Two-thirds of teachers feel they cannot effectively teach coding to children aged 8 to 15, according to a new survey.
Coding was added to the national curriculum in 2014, and is expected to be taught to children from the age of 5.
However, a poll of 500 teachers in the state and independent sector, conducted by YouGov for IT consultancy BJSS, found that 67 per cent of teachers throughout Britain feel they cannot effectively teach coding to children aged between 8 and 15 as they do not have the right skills or tools.
Some 83 per cent of teachers thought it was important for the Department for Education to provide better training.
It also found that 39 per cent of teachers said they do not have access to adequate IT and software to teach coding.
Glynn Robinson, managing director of BJSS, said: “To safeguard the UK’s digital competitiveness, it is crucial that primary and secondary school teachers are properly equipped and resourced to teach the digital and coding skills that will be required by the time today’s schoolchildren enter the workforce.”
A spokesperson for the DfE said: “Coding is an important life skill and forms an important element of the computing curriculum and we want to make sure that all teachers should have the knowledge and confidence to teach it effectively.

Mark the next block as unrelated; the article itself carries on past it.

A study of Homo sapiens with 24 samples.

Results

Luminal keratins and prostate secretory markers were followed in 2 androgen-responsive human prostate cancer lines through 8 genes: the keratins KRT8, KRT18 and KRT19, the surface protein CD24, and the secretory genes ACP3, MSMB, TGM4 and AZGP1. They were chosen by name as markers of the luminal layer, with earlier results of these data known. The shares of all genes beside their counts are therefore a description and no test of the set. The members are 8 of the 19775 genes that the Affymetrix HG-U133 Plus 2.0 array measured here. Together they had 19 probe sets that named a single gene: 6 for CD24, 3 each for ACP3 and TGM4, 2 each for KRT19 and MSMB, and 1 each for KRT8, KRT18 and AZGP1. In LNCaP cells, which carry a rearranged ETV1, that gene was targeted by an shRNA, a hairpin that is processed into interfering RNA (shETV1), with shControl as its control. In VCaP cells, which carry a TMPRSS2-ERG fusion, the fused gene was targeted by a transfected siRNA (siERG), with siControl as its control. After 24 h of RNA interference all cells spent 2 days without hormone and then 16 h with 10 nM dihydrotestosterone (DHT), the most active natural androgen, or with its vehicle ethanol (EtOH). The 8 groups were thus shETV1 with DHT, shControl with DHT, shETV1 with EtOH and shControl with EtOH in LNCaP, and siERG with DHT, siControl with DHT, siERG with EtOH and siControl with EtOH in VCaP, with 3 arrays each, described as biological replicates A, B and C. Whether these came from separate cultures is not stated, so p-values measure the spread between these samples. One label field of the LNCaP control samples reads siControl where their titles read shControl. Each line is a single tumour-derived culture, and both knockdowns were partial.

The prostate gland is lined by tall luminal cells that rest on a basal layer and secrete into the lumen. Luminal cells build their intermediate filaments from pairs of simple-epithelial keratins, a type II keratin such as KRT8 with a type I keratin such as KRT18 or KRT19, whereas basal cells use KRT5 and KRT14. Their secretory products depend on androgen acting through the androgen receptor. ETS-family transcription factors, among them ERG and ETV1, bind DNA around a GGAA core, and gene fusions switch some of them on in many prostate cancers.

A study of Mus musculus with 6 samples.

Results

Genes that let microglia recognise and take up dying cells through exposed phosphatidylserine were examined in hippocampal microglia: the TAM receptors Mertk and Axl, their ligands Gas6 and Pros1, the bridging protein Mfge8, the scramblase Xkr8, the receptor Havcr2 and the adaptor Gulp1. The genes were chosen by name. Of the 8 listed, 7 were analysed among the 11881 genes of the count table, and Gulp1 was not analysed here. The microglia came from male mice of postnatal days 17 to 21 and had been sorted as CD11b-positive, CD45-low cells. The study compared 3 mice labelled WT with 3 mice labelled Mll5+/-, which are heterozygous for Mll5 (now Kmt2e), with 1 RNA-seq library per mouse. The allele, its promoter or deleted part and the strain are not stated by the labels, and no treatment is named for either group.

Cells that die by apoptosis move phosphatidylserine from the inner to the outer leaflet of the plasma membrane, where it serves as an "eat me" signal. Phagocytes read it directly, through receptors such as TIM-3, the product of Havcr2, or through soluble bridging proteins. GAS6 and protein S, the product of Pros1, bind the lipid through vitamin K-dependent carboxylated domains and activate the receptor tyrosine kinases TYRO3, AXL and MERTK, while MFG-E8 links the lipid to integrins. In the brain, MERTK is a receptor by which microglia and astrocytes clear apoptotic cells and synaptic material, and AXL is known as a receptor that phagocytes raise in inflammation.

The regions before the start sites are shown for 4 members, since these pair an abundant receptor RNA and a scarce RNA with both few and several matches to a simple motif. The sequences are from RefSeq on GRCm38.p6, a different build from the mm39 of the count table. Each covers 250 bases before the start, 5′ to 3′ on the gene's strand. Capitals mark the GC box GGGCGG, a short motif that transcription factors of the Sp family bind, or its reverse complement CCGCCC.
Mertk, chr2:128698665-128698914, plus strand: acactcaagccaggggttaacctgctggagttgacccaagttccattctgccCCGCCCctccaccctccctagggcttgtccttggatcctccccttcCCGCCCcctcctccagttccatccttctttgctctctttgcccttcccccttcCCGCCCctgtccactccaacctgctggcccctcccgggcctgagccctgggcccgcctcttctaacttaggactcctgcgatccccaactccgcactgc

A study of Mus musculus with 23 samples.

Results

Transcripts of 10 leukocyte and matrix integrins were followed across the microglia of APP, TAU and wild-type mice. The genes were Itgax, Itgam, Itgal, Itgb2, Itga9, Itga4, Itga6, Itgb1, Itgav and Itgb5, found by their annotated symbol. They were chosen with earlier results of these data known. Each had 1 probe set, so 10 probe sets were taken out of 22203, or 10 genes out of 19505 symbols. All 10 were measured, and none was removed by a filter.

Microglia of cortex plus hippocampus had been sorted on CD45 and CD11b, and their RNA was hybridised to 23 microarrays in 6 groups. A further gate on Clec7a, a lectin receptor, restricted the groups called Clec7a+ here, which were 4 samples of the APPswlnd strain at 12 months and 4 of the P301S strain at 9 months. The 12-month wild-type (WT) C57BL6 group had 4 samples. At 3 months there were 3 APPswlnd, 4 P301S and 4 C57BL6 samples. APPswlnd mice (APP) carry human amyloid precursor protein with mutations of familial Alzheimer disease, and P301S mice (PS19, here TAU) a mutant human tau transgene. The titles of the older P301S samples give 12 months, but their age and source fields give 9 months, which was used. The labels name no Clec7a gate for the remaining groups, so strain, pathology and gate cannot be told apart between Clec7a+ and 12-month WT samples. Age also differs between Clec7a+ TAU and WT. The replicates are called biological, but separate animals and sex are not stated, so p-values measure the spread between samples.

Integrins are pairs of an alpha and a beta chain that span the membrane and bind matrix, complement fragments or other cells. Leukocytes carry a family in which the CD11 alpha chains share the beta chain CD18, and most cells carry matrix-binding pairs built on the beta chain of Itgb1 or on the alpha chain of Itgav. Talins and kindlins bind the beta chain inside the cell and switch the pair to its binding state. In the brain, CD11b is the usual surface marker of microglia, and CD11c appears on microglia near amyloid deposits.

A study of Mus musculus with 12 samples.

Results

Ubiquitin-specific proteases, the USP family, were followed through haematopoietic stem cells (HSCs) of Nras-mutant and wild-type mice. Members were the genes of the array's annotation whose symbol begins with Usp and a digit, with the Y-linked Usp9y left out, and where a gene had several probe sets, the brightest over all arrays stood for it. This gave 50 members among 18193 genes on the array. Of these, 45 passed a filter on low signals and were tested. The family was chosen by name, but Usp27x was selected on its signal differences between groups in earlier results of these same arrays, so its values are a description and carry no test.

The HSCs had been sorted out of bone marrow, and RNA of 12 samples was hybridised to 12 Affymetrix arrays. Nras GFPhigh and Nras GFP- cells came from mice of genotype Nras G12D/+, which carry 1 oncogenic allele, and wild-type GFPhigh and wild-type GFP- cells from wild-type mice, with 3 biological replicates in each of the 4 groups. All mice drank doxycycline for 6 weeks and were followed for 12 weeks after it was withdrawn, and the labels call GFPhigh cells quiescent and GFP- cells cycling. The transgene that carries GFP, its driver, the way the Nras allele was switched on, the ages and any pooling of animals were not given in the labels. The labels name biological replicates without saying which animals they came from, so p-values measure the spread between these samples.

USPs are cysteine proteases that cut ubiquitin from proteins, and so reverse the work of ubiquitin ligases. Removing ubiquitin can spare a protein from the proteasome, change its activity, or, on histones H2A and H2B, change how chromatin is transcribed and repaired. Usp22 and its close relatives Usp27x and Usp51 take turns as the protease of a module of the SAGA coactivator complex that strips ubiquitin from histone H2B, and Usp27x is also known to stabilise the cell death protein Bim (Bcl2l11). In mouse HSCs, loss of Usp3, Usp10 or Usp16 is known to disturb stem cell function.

“Since 2012, the department has pledged £5 million to the Network of Teaching Excellence in Computer Science programme run by Computing at School, which has built a national network of nearly 400 specialists Master Teachers schools can commission to provide bespoke training for their teachers”
He added that a further £1 million had been given to Computing at School to create free online resources for primary school teachers who lack the specialist computer science subject knowledge required to teach the new curriculum.
Meanwhile, a separate YouGov survey for Sam Labs revealed how much importance parents attach to coding.
The poll of 2,102 adults in the UK found that 52 per cent of primary and secondary parents agreed that basic coding should be taught before children leave secondary school.
And 38 per cent of primary, and 39 per cent of secondary parents, thought coding was more important than art.
It also found that 70 per cent of 18-to-24-year-olds wished they had received coding lessons while they were at school.